A subset of those were then installed and tested on a Nexus 5 running Android 4.4.3 and a Samsung XE700t tablet running Android Open Source Project firmware version 4.2. The devices were connected to a rogue wireless access point that the researchers controlled.
Around 13 percent of apps being potentially vulnerable, but not necessarily exploitable, doesn't sound like much. However, not all apps are equal — some are more popular than others.
"From only the small sample we manually confirmed were vulnerable, there are over 150 million downloads," the Bromium researchers said. "This doesn't necessarily mean there are guaranteed 150,000,000 vulnerable devices out there, because one device could have multiple different vulnerable apps installed. But given the proportions we've found in our analysis — 10% of sampled apps potentially vulnerable, 50% of the potentially vulnerable apps we tested actually were exploitable — that is a likely to be a lot of devices."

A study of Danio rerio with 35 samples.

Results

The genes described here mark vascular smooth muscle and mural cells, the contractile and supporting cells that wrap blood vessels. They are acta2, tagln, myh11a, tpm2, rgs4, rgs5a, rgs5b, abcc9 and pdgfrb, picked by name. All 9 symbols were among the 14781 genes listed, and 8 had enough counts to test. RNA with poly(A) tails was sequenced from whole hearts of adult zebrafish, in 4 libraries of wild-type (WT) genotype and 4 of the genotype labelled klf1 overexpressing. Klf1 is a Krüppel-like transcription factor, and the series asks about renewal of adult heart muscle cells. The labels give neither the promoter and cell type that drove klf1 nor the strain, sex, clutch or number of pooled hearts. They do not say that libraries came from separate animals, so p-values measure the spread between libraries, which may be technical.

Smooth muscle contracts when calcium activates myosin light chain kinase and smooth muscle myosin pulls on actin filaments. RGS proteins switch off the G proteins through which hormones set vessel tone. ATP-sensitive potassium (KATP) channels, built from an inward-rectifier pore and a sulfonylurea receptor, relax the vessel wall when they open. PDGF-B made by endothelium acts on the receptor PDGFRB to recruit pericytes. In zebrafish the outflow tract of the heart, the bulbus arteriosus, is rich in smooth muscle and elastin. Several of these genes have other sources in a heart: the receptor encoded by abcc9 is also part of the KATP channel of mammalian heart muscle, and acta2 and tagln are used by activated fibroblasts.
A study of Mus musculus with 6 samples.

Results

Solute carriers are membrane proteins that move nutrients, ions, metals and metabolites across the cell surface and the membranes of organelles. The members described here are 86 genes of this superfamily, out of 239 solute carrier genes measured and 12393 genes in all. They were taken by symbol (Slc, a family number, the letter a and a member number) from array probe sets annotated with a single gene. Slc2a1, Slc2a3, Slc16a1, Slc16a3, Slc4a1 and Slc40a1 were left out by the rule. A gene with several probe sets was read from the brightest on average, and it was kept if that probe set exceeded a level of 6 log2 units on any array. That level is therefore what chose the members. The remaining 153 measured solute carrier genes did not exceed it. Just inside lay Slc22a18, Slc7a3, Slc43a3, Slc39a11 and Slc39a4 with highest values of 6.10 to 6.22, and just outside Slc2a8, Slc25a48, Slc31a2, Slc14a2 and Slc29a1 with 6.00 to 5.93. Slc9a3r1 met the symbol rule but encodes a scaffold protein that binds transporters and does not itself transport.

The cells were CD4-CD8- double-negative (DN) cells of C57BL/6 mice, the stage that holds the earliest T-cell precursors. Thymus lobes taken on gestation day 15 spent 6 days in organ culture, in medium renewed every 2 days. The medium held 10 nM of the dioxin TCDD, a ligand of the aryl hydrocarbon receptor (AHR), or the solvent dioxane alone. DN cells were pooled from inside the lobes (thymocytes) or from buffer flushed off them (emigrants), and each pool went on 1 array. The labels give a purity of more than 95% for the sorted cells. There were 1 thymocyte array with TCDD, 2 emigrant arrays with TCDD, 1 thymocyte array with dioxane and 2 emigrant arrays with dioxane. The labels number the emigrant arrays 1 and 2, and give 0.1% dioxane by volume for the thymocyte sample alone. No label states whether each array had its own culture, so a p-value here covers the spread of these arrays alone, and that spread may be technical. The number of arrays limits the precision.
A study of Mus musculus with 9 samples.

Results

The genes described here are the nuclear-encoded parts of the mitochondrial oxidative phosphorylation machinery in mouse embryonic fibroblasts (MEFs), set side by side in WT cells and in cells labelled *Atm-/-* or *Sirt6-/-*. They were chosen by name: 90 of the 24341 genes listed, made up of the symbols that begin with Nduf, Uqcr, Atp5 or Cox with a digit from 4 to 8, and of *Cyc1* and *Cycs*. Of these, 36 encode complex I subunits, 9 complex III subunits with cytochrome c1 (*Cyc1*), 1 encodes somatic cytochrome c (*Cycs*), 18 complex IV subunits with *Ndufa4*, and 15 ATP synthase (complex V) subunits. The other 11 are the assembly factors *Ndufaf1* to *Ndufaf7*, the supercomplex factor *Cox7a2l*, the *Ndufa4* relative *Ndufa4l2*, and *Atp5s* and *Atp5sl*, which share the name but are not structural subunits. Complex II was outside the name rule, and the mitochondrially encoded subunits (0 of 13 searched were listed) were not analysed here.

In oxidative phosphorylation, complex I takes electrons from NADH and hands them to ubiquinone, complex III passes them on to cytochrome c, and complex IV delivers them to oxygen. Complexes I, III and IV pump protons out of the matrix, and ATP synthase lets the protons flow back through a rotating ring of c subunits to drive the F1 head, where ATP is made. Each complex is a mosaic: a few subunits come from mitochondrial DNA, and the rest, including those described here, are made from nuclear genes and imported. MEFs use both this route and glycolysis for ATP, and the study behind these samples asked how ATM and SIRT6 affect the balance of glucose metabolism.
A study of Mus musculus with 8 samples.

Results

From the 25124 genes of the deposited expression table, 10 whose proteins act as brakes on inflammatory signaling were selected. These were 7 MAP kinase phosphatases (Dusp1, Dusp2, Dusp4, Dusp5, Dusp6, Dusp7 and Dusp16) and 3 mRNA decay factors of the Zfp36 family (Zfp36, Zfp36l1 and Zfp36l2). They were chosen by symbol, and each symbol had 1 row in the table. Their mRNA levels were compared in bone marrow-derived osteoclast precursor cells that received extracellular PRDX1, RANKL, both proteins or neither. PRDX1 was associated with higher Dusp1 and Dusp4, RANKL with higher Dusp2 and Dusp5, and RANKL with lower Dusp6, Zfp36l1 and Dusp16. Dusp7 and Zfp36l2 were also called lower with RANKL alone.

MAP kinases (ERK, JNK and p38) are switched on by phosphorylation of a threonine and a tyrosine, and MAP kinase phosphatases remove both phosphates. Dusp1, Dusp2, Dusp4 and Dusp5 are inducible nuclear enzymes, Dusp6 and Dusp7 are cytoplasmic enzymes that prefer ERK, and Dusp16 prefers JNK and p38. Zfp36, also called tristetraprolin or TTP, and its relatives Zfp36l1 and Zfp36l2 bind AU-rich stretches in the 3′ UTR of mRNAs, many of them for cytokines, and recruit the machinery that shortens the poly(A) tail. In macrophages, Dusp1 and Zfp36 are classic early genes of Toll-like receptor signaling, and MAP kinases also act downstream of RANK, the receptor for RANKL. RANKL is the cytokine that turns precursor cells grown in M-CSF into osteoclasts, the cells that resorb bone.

It's also worth pointing out that, according to Google's latest statistics from Google Play, over half of Android devices are running Android versions older than 4.2.
The Bromium researchers went even further and cross-referenced the list of potentially vulnerable apps with data from the Device Analyzer project at the University of Cambridge that collects information about app usage from 19,606 real-world devices.
"For the last year or so, the Device Analyser data shows that their users on average opened 0.4-0.5 potentially vulnerable apps per day," the Bromium researchers said. "Or in simpler terms, their average user is vulnerable a couple of times a week."
The Bromium analysis highlights that some Android vulnerabilities can linger on for a long time, despite patches being available. That's primarily because of the fragmentation that exists in the Android ecosystem and the many parties that have to take action when security issues arise, such as Android developers, device manufacturers, carriers, app developers and advertising networks.
"One compromised device can become the man-in-the-middle on whatever networks it subsequently joins, thus spreading the attack to, for example, the corporate wifi network so popular in the bring-your-own-device world," the Bromium researchers said.